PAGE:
Eliminate Flight Charges
Oh those extra flight charges we all love to hate. It seems that airlines are right up there with banks at their ability to find new way to implement fees for items we have always enjoyed. With a few simple tips you can save a significant amount of money on your next booking!
Over the past few years just about every airline has implemented a checked baggage fee, including your first bag. At the time of this writing WestJet and JetBlue have announced they are starting a checked bag fee for some airfares, while Southwest is still allowing 1 checked bag for free. Most airlines charge between $25-$40 for your first bag, and $30-$100 for additional bags; while fees for oversize bags range from $100-$150. As these fees vary widely by carrier, it is possible to avoid up to $200 in fees by flying certain airlines over others.
Do your best to keep your checked bags under the weight restrictions to avoid these unnecessary flight charges. Whether this means playing the “exchange game”, moving items between your carry-on and checked bags, or cutting down on what you need to bring, it’s hugely worthwhile (especially if you plan to bring souvenirs back with you!).
If you know you’re going to need to check a bag, it’s paying online ahead of time to save time at the gate. This is especially true if you are cutting it close to the check-in cut-off times (1 hour for domestic, 2 hours for international). I have recently been allowed through check-in and security lines after arriving a few minutes late because I had already paid my fees via that airline app while sitting in traffic on the way to the airport. A better option is to go without a checked bag whenever possible (you can often check your carry-on bag for free at the gate if you prefer).
We often look at the extra legroom, adjustable headrests, larger personal TV screens, and laptop power ports of premium economy seating as price prohibitive when we’re on a budget. Seat Guru provides a great analysis of premium economy offerings and pricing across airlines. Waiting until closer to your departure date can see the premium price drop significantly, but it will still demand a premium or regular economy. With a bit of work you may be able to book one of these seats without the extra fare. During booking, select any economy seat, and then continue checking online as your departure date approaches. Some airlines may release a few of the reserved seats as demand declines. When considering an upgrade to premium economy, you will want to take into account included extras like checked bags, snacks and Wi-Fi that you were going to pay for as an economy ticket-holder, but may now be included in your premium ticket price.
Unless you are booking your travel through certain travel clubs it’s tough to play the game of determining when to book your flight. How early is too early? How late is too late? When are the best rates posted? The day, time of day, and time of the month may all impact airline tickets cost. Quartz provides a great article on hacks you can easily implement to potentially save money based on when, how, and even where you book your flight.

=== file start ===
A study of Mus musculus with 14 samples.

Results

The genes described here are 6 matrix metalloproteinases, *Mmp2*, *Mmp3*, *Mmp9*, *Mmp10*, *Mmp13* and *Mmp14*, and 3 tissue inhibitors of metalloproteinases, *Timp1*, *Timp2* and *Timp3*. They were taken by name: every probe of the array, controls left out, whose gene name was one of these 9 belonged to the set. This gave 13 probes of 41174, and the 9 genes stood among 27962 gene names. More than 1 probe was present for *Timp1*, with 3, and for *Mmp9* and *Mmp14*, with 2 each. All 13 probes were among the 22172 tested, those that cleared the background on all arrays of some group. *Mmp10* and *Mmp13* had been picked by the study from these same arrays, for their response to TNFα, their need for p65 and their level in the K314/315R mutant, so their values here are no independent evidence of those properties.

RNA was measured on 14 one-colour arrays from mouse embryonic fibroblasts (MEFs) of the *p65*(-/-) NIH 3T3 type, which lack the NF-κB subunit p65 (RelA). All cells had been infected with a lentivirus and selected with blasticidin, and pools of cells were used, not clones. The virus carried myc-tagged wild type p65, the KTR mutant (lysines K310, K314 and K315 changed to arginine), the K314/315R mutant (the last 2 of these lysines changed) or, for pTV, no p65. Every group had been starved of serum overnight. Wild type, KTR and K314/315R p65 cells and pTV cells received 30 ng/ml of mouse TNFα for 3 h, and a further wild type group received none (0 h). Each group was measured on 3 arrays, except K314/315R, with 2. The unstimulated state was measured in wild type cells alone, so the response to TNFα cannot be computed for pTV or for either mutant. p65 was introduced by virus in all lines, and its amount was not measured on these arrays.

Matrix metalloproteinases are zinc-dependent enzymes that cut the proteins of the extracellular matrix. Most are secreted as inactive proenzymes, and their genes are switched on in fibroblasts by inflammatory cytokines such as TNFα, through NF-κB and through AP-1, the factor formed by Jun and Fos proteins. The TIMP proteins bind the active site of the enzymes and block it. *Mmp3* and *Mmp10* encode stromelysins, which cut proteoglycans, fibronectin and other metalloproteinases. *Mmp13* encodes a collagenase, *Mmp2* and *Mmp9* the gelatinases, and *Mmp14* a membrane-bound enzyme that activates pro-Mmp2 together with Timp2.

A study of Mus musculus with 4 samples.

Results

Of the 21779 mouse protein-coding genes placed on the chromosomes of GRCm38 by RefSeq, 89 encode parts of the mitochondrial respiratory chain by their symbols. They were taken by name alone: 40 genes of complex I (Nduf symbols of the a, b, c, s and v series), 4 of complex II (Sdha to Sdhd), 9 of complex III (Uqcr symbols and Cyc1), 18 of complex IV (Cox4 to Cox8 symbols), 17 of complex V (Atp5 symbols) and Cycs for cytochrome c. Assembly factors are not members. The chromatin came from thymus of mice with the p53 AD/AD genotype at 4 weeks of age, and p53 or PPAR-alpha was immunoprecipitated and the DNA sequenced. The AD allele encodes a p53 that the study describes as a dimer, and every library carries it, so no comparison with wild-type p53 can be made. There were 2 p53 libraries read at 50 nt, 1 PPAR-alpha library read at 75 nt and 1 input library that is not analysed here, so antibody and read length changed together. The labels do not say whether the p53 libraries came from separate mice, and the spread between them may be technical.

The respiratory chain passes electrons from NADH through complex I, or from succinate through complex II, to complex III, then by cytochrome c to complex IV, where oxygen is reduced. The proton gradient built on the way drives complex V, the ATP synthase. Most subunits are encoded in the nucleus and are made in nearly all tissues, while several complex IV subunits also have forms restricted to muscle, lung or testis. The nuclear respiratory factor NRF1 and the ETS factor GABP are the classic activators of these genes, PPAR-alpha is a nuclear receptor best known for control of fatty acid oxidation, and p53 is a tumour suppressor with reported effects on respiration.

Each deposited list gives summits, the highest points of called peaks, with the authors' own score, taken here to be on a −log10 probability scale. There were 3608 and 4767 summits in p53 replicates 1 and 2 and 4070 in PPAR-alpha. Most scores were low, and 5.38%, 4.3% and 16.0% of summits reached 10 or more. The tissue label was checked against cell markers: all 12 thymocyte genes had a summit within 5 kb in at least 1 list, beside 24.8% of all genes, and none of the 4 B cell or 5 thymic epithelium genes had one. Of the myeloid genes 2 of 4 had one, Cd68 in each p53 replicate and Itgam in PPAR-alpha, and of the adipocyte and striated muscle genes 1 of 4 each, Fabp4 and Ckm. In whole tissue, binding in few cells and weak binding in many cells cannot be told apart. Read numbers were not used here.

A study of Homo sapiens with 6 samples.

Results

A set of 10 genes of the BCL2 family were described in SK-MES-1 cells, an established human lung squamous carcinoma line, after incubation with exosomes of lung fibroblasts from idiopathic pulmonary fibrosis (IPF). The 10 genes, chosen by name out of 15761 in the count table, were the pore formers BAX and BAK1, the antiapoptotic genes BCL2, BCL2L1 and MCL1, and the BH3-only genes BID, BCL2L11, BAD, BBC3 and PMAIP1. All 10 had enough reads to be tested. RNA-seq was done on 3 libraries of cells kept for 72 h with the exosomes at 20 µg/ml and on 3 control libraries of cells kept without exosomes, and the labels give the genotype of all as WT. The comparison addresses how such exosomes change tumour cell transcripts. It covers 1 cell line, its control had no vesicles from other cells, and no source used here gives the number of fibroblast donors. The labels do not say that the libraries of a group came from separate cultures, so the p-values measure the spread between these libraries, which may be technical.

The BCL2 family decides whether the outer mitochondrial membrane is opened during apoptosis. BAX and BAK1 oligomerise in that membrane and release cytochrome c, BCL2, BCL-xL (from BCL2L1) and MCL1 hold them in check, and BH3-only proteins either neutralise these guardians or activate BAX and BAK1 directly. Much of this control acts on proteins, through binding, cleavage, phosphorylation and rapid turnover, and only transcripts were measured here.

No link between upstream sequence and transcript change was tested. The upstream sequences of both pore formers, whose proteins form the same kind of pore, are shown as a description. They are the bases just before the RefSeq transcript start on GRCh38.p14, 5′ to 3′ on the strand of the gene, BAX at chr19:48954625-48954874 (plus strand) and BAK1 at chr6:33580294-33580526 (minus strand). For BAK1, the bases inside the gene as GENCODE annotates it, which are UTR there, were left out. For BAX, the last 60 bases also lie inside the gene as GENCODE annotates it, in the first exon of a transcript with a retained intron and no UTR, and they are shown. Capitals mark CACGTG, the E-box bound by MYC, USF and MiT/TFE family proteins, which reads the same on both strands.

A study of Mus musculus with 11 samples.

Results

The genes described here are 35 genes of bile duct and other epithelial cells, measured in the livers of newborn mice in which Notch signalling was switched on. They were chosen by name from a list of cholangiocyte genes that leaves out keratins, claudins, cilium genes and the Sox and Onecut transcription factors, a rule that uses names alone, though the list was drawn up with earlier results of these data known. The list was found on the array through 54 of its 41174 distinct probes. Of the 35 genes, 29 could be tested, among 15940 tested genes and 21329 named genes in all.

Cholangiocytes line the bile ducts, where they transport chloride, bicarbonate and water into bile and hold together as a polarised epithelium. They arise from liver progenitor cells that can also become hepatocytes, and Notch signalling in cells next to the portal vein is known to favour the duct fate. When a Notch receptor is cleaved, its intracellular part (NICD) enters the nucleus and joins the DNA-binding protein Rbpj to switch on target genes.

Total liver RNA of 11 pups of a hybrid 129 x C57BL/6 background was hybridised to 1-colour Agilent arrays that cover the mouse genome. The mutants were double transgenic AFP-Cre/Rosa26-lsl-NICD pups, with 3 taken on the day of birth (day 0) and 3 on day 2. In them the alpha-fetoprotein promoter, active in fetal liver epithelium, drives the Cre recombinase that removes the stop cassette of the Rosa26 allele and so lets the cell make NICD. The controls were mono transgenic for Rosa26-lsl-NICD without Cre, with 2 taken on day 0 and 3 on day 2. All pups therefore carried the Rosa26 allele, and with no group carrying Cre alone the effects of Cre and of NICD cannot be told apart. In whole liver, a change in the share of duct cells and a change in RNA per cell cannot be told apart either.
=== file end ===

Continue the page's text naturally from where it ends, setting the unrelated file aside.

If there is any chance you might need to change your flight you will need to pay a bit extra up front for that right. Changing your non-refundable airline tickets after they’ve been purchased can quickly rack up fees that range from $75 to $175. So although the non-refundable option is generally significantly cheaper, you’ll want to be sure there is no chance of your plans changing. Travel insurance is always an option to cover unexpected cancellations, protect personal items, medical insurance, etc. Although it may be worth getting, there are ways to have the same benefits without paying for it. A number of credit cards already come with travel insurance built in whenever it is used to book your flight. Be sure to check the fine print of your credit card to see what you are covered for before booking.
As airlines try to find more and more ways to implement fees for conveniences we’ve gotten used to, it’s becoming more and more difficult to know what you’ll be getting with your ticket. Always check the specific rules for the airline you have chosen to give your business for the best preparation, but a little pre planning can get around most of these extras:
- Bring your own entertainment. Load your movies, music, or books on your device (or pack a physical book in your carry-on), and ensure it is fully charged before you board. Some airlines provide in-seat outlets, but definitely not all of them!
- Wi-Fi prices are steadily increasing on many airlines, and can cost up to $30. Purchasing passes in advance can save you some money, or you can simply “go old-school” and treat your flight like a no email zone.
- When flying a budget airline you can expect to have to pay for everything from drinks to snacks to printed boarding passes to carry-on bags! Always verify extra fees before you book.
- Some airlines now charge if you call to book a flight over the phone, sometimes ranging from $15-$35. Always book online to avoid those fees.
If you are in a position to consider a change of credit card, an airline-specific credit card often comes with perks such as exemption from checked luggage fees, priority boarding, free tickets, hotel stays, etc. Please note that many of these cards come with an annual fee, so it’s important to include that cost in your calculations. There’s a good chance you’ll see savings even with the fee depending on your travel schedule (and ability to use other perks).
Now that you know how to eliminate some of the major flight charges, you can move your focus to saving on the rest of your trip (accommodations, food, etc.). Remember, the more you are able to save up-front, the less you’ll need to worry about once you arrive!